When the year began, there were about 80,000 U.S. troops based in Europe, either permanently stationed or participating in heel-to-toe rotations from bases stateside. But as Russia amassed more troops on Ukraine’s border and then launched a full-on invasion in late February, the number of Americans posted along NATO’s eastern front has swelled, with more than 90,000 throughout Europe.
Those troops are in place temporarily, to reassure allies, the Pentagon has said, but a senior defense official told reporters Friday that the ongoing war in Ukraine has forced the Defense Department to re-think its numbers in Europe.
“There’s been no posture decisions, permanent posture decisions ... there’s no serious negotiations with other nations in terms of permanent posture right now,” the official said. “But I think it’s safe to assume that the security environment in Europe is now radically different than it was before.”
In recent years, the U.S. has leaned more on rotational forces training with local troops from the Baltics down to Bulgaria, as permanent bases in Germany have closed.
Now, with Russia’s unprovoked hostility considered a very real threat to NATO countries, there may be a call for even more U.S. troops in Europe, either permanent or rotational.
“But it’s safe to assume we have, frankly, our allies, who will be looking at what the posture should be like, going forward, longer term ― that was a topic of discussion at the NATO summit yesterday,” the official said. “No decisions made, of course. No specific proposals debated or discussed, but the issue of what the security posture in Europe needs to look like long-term, absolutely is being discussed.”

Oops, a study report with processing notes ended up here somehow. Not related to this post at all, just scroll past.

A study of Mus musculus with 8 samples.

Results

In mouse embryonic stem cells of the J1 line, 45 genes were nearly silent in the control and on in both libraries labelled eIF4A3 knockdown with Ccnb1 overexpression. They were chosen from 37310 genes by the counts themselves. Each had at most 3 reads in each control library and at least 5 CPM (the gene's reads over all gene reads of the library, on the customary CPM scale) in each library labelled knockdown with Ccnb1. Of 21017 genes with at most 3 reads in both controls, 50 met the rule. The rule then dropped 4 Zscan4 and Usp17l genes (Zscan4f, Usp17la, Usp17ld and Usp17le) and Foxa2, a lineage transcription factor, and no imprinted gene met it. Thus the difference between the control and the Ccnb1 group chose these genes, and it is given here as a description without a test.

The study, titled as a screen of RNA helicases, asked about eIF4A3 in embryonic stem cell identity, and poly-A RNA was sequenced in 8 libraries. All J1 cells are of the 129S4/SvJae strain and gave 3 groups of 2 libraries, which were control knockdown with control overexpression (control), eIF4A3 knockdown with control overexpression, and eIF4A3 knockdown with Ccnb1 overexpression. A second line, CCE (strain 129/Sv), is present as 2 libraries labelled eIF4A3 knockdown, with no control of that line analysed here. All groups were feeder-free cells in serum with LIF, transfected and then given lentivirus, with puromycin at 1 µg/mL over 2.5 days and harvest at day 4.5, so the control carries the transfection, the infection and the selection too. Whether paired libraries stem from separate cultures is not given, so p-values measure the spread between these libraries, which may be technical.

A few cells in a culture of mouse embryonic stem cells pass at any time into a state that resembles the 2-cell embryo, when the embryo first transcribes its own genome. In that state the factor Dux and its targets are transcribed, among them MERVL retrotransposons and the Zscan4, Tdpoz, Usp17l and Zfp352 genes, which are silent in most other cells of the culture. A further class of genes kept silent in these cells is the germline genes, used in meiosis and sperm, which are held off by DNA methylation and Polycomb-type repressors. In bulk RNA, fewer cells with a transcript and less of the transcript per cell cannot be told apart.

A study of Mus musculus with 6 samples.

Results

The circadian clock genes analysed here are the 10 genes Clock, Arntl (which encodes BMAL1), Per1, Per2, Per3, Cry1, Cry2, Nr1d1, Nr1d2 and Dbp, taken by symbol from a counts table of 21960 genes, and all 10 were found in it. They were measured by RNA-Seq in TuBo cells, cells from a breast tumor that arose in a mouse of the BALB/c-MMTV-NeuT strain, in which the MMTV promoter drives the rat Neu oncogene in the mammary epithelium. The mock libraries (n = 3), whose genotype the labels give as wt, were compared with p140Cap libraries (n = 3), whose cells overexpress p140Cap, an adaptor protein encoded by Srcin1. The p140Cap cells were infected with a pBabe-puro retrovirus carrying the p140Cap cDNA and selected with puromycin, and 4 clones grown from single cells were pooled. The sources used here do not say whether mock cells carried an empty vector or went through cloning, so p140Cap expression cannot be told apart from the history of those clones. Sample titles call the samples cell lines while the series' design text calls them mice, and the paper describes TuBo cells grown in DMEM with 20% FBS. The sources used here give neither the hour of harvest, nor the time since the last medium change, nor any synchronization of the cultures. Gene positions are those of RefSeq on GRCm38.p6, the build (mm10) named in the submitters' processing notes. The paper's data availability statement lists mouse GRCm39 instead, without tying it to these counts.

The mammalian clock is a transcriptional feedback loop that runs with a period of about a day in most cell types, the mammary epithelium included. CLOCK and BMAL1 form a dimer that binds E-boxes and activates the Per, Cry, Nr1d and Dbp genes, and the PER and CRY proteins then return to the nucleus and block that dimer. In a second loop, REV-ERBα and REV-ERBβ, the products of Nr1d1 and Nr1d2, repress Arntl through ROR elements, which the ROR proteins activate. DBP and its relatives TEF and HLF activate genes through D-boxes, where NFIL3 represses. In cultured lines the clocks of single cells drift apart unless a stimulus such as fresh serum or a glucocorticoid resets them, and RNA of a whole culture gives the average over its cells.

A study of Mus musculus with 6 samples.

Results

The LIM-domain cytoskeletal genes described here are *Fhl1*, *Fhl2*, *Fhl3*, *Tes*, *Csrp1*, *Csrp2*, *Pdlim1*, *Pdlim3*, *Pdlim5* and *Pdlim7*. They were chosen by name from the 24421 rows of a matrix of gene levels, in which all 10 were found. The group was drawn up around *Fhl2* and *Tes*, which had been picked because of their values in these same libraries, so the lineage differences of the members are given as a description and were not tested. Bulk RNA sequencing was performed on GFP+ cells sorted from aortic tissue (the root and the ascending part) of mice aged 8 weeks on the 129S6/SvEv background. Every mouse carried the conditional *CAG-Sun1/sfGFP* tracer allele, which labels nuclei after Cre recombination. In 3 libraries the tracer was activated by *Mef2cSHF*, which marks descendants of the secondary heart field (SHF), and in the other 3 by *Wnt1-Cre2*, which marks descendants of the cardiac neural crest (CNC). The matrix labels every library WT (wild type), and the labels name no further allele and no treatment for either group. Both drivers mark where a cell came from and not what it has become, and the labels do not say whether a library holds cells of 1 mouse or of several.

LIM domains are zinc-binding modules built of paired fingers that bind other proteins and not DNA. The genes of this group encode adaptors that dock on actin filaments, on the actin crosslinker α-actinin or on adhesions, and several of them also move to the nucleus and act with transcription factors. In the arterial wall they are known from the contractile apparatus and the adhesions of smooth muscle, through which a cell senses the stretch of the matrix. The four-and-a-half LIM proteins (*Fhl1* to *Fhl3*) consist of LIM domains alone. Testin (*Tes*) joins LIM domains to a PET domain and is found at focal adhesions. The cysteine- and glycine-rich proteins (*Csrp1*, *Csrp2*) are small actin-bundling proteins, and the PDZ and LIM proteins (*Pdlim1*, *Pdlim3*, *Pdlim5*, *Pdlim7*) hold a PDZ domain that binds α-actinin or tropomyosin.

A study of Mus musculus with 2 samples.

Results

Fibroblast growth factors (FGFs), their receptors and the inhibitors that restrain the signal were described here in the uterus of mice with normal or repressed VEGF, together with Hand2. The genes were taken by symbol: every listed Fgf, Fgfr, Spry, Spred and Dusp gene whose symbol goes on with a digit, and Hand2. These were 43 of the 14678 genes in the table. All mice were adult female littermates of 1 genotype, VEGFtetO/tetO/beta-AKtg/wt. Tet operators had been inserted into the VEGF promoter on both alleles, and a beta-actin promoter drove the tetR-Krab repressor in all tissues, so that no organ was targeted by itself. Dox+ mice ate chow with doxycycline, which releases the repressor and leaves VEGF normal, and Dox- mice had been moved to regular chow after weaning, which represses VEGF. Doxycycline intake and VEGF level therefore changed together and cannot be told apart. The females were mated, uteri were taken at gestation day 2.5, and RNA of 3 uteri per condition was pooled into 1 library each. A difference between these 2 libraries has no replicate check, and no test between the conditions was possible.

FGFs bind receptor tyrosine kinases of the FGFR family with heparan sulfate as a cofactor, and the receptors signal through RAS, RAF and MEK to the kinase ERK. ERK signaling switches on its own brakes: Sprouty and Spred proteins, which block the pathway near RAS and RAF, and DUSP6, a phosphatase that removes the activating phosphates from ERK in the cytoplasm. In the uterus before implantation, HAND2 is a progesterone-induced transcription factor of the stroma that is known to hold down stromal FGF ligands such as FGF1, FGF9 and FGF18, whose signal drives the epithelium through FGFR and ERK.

In the immediate future, the official said, U.S. and NATO leadership are considering how many troops are needed to bolster eastern front countries as Russia’s invasion continues.
To date, the U.S. has activated about 11,600 troops for the mission: 4,700 from the 82nd Airborne Division to Poland; 300 from the XVIII Airborne Corps to Germany; 1,000 from the 2nd Cavalry Regiment to Romania; 800 from the 173rd Airborne Brigade Combat Team to Latvia; 100 F-35 Lightning II air crew to Estonia, Lithuania and Romania; 100 AH-64 Apache aircrew to Poland and the Baltic states; 3,800 from 1st Armored Brigade Combat Team, 3rd Infantry Division and its sustainment unit to Germany; 150 airmen from Fairchild Air Force Base, Washington; 40 members of an air support operations unit to Romania and Poland; 300 ordnance and maintenance soldiers to Germany; and 300 members of V Corps to Germany and Poland.
The U.S. has committed another 2,000 or so to the NATO Response Force, but the Pentagon hasn’t yet identified those units for deployment.
“Right now our focus is on whether or not there needs to be additional temporary deployments to shore up the eastern flank given, what’s going on in Ukraine,” the senior defense official said.
Meghann Myers is the Pentagon bureau chief at Military Times. She covers operations, policy, personnel, leadership and other issues affecting service members.